State Treasurer Don Stenberg expresses relief President Barack Obama has withdrawn a proposal to end the tax break that fuels contributions to 529 college savings plans.
Stenberg says he’s pleased the president has backed away from the proposal.
“It was an ill-advised plan,” Stenberg tells Nebraska Radio Network. “The 529 college savings plan is one of the few programs available to help Middle Class families save for college.”
Stenberg says it is hard to say on what the president based the proposal.
“But our experience here in Nebraska is that this is a program that’s very much used by Middle Class Nebraskans,” according to Stenberg. “The average account size for the Nebraska accounts is $12,750.”
The Nebraska Educational Savings Trust (NEST) managed by the Treasurer’s office offers four plans: NEST Direct College Savings Plan, NEST Advisor College Savings Plan, TD Ameritrade 529 College Savings Plan, and The State Farm College Savings Plan.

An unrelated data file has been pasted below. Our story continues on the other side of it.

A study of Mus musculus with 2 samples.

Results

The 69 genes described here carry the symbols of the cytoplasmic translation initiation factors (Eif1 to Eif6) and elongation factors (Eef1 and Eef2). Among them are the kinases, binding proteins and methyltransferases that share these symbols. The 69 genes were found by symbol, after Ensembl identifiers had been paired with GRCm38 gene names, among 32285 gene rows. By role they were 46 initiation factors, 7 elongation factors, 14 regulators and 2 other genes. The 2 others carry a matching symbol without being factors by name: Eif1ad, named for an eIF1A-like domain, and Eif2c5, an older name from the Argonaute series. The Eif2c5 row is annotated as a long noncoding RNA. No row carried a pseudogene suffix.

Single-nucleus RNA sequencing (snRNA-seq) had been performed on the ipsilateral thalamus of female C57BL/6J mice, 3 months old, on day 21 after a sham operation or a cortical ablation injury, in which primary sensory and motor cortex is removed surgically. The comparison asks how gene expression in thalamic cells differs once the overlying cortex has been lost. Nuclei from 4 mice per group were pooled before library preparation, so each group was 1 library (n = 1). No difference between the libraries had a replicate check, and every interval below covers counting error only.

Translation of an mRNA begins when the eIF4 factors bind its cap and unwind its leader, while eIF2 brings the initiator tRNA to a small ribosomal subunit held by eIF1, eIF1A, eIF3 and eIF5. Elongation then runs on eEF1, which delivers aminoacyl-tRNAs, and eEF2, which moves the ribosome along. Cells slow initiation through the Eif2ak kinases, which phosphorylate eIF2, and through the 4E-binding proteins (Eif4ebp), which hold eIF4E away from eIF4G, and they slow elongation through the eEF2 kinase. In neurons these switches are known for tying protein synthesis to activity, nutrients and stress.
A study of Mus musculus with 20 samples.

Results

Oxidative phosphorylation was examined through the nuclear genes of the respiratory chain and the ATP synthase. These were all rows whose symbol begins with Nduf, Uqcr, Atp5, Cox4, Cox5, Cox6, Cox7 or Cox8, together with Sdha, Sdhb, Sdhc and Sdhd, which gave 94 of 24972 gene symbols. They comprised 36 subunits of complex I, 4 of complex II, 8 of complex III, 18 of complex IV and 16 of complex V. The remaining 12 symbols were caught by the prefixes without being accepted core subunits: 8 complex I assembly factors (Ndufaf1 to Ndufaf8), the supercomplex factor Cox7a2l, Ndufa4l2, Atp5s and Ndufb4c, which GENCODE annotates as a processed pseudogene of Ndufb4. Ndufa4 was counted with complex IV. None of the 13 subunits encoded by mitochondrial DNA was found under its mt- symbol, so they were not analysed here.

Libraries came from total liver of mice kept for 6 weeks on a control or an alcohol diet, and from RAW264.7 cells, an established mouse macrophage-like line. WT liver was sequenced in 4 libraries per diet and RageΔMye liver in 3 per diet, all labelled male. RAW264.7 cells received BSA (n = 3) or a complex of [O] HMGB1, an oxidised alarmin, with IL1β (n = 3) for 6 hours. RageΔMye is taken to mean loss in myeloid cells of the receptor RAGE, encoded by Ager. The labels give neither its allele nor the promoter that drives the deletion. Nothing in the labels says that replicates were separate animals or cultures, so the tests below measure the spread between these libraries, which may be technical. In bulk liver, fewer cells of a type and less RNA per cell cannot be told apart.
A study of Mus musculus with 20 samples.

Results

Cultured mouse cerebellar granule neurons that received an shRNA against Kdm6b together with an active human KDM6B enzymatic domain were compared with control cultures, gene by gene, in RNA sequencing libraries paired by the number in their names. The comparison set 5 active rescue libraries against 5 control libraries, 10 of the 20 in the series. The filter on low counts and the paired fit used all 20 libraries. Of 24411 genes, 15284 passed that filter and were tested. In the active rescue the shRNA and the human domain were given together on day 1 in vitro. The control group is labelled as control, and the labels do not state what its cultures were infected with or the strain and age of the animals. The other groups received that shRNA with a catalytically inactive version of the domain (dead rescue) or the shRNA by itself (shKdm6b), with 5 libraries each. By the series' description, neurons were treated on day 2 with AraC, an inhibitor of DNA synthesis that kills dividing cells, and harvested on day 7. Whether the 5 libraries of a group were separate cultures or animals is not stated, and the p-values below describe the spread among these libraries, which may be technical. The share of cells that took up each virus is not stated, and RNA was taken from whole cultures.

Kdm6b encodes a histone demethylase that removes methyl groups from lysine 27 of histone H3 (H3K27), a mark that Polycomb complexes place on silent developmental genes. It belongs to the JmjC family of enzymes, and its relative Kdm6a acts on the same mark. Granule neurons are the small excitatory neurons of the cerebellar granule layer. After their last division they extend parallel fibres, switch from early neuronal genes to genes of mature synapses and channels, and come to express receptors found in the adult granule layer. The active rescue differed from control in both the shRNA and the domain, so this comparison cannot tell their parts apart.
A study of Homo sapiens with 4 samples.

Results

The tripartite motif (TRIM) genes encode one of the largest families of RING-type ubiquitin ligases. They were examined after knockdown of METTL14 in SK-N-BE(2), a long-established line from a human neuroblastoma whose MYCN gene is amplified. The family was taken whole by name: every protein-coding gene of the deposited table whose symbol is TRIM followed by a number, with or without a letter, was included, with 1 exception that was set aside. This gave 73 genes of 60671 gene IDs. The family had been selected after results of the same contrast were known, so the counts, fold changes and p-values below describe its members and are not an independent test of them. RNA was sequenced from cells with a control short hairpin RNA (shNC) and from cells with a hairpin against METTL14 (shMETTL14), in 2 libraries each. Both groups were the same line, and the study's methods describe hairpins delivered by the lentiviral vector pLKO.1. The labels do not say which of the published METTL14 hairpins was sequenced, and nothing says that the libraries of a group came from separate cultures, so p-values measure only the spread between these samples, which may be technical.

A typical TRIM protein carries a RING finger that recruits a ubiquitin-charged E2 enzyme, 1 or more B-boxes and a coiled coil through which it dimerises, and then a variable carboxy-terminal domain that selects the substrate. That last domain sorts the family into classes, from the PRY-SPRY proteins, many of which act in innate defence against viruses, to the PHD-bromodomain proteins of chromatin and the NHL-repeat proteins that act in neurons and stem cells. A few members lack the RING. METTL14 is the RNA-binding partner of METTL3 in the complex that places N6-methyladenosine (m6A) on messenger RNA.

They have become quite popular, and not just in Nebraska.
Approximately 65,000 Nebraska families have opened accounts which hold an average of $12,750.
But those aren’t the only families investing in the Nebraska plans. Families throughout the country have been attracted to the plans and a total of 225,000 accounts have been taken out in Nebraska. Once all the accounts have been factored in, the average account balance is closer to $17,000.
The savings plans are called 529 plans after the section of the federal tax code that authorities them to accrue earnings tax free as long as withdrawals are used to offset college expenses.
Their popularity became apparent shortly after President Obama proposed eliminating the tax break to pay for his proposal to offer community college for free. The proposal caused a massive public uproar.
Stenberg says the public backlash against the proposal places the 529 plans in a very secure position.
“I think this experience has sent a pretty strong message that this is a good program, that Middle Class Americans use the program, like the program,” Stenberg says. “So, I don’t think we’ll see any attempts in the near future to do away with it.”